CHENNAI: The Union government should take a leaf out of the Goan model of the uniform civil code and implement it across the country, according to an Israeli expert.
Presenting his findings based on research on the uniform civil code during the M K Nambyar Memorial Lectures 2009, Prof Shimon Shetreet, an Israeli expert on public and international law, said: “Goa is the only State in India that, regardless of religion, has an active and enforced code for all citizens even though India has different civil laws for different religious communities. The Portuguese Civil Code that remains in force even today was introduced in the 19th century in Goa and wasn’t replaced after liberation.”
“The Uniform Civil Code in Goa is a progressive law that allows equal division of income and property regardless of gender between husband and wife and also between children,” he said. Uniform civil code would not pose any threat to religious freedom and the government should find a right formula so both of them could exist side by side, Prof Shimon said.
He stressed the role of the legislative body in implementing the uniform civil code and said the role of judicial intervention was secondary.
“Based on the experience of six decades it has been found that it can’t be done in one shot. It should be done gradually, chapter by chapter, topic by topic. Start with one issue, deal with it. Finish it and start with the next one,” said the Greenblatt Professor of Public and International Law, The Hebrew University of Jerusalem.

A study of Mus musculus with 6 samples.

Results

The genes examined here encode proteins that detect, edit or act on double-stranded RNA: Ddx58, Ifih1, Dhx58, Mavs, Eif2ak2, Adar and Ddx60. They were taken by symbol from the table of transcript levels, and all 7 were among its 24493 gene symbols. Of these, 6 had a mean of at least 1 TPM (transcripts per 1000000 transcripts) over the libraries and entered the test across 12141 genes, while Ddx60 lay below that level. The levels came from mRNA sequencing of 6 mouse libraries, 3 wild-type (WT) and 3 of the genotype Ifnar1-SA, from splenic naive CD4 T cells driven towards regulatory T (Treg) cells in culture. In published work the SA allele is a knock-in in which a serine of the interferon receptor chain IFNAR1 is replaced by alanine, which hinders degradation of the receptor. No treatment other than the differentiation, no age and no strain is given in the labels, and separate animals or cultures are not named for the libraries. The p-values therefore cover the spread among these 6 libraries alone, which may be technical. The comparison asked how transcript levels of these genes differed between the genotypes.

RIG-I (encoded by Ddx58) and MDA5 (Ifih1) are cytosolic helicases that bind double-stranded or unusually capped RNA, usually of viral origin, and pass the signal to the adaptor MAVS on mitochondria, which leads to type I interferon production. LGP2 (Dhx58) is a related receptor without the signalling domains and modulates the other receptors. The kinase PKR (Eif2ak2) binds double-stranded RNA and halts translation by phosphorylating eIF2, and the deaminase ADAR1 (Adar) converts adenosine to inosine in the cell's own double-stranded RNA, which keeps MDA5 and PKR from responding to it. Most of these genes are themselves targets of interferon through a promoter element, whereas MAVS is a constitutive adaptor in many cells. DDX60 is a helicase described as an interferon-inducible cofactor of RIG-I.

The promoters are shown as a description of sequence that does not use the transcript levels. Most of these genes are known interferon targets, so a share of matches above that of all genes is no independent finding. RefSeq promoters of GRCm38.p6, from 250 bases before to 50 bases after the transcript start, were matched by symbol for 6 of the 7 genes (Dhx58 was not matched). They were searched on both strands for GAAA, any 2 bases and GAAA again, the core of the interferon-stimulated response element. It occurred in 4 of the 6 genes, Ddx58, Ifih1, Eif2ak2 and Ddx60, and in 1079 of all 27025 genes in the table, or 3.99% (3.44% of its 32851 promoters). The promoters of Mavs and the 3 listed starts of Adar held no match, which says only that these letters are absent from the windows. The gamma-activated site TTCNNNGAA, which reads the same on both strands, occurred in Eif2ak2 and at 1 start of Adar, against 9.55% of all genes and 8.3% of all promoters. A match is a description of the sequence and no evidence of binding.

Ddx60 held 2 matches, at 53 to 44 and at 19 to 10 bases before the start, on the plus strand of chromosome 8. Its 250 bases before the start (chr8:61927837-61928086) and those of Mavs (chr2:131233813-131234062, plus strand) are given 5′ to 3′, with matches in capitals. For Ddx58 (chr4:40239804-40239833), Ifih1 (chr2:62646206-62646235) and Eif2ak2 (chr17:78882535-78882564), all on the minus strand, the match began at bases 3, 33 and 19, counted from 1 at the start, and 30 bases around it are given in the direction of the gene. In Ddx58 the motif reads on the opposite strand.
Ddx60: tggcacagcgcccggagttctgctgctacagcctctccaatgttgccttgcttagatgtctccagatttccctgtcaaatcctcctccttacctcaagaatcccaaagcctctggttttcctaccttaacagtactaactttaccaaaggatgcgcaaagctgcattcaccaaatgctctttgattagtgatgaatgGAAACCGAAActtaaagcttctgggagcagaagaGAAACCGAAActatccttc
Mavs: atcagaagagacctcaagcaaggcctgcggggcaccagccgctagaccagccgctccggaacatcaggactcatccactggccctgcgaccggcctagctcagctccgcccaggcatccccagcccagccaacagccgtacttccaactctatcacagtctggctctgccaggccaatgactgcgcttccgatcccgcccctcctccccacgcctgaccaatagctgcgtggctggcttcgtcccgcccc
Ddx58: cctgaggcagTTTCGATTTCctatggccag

He allayed fears that the uniform civil code would amount to imposition of majority law over the minority. “Parallel law systems can exist side by side. Nobody has an intention to be unfriendly,” he argued. Shetreet said a parallel legal system does exist in many Western countries like the US, France, Germany and the UK. He also stressed the need of mediation procedures in the uniform code. He cited examples in Israel where there have been instances of civil supervision over religious courts.
Prof Hiram Chodosh, dean, professor of law, university of Utah, stressed the need for mediation in implementing the uniform civil code. He said there should be reconciliation of two or more opposing views.